US tech firms will no longer be able to choose the destination with the lowest tax rate for their European headquarters, if a widely expected European Commission proposal is approved. Beginning Wednesday, the European Commission has proposed new tax rules that would require US tech firms to pay taxes in the countries or regions where they generate value – not just where their headquarters are located, according to the Wall Street Journal.

Per Bloomberg, firms including Alphabet Inc., Twitter Inc. and Facebook Inc. could face a 3% tax on gross revenue gleaned from users in a given region.

EU officials have been ratcheting up the pressure on US tech giants over the past few years. Late last year, EU Competition Commissioner Margrethe Vestager slapped Amazon with a 250 million euro fine after ruling that Luxembourg, where Amazon’s European headquarters is based, failed to tax the company on three-quarters of its revenue, in accordance with state-aid rules. A year earlier, Vestager scored another victory, this time against Apple, by accusing Ireland of under-taxing the consumer electronics maker.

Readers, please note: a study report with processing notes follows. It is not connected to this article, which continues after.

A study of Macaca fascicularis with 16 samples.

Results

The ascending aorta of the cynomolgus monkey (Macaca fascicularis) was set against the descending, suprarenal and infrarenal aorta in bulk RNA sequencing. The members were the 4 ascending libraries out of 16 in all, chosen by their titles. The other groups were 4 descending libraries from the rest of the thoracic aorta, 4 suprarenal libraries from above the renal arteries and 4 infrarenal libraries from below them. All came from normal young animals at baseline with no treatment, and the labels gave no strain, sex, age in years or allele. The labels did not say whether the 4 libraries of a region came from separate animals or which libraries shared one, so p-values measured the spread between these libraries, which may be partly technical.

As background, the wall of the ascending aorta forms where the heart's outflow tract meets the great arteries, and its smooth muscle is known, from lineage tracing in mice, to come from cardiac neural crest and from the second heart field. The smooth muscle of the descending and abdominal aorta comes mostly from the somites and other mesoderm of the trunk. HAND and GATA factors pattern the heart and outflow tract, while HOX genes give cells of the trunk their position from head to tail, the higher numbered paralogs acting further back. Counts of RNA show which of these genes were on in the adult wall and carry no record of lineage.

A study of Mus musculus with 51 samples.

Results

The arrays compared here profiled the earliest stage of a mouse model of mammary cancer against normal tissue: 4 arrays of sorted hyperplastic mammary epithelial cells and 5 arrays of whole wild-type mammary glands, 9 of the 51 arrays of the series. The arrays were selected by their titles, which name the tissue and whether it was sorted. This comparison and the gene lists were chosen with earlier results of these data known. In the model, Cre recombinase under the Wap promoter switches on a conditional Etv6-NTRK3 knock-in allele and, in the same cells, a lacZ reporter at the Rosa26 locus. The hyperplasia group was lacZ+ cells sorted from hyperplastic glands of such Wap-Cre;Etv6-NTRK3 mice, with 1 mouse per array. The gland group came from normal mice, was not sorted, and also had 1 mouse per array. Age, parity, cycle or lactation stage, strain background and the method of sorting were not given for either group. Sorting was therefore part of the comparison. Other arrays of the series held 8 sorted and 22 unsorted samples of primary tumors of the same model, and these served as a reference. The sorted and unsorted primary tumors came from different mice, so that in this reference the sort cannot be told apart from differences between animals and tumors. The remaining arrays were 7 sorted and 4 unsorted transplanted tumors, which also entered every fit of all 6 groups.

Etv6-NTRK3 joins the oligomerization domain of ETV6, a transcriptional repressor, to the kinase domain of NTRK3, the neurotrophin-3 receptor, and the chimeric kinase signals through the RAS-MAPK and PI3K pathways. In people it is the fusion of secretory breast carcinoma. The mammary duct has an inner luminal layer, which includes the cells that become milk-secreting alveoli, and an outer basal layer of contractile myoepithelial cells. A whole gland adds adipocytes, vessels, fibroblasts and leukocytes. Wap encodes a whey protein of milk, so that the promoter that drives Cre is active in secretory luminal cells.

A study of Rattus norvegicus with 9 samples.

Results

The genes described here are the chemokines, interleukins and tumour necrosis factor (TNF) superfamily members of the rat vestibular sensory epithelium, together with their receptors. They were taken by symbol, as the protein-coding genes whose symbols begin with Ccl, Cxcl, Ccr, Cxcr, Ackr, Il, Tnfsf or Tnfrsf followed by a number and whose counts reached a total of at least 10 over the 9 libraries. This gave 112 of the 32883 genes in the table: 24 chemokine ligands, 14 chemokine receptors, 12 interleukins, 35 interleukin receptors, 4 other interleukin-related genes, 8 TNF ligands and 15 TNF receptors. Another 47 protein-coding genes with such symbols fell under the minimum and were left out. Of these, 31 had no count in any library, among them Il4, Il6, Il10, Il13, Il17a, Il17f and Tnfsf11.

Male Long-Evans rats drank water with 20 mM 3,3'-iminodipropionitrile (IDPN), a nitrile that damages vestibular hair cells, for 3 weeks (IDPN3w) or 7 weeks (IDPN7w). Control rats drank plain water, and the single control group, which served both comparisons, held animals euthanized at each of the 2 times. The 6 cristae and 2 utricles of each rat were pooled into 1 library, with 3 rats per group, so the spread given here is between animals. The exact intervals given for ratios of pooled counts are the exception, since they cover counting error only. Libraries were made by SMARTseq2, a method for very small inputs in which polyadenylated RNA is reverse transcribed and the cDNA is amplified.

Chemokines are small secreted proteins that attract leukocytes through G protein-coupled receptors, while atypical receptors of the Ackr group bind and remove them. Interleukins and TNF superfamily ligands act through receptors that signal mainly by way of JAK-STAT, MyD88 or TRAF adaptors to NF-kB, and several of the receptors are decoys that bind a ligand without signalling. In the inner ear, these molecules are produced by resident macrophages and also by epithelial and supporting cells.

US Treasury Secretary Steven Mnuchin has warned European leaders that the US “firmly opposes” legislative proposals that target digital companies, though he didn’t specifically name the EU.

“Imposing new and redundant tax burdens would inhibit growth and ultimately harm workers and consumers,”Mnuchin said.

According to Wall Street Journal., officials had debated postponing the proposals so as not to appear like they were meant in retaliation. Officials clarified that the rules are meant to target all tech companies, though the provisions of the proposals suggest US tech firms are likely to be the worst hit.

EU tax chief Pierre Moscovici told reporters in Brussels on Wednesday that the proposed levy wasn’t aimed at the U.S. nor was it meant to target specific nations or companies.

“Digitalization brings countless benefits and opportunities. But it also requires adjustments to our traditional rules and systems,” said European Commission Vice President Valdis Dombrovskis, who leads financial-services policy work at the EU. “The amount of profits currently going untaxed is unacceptable.”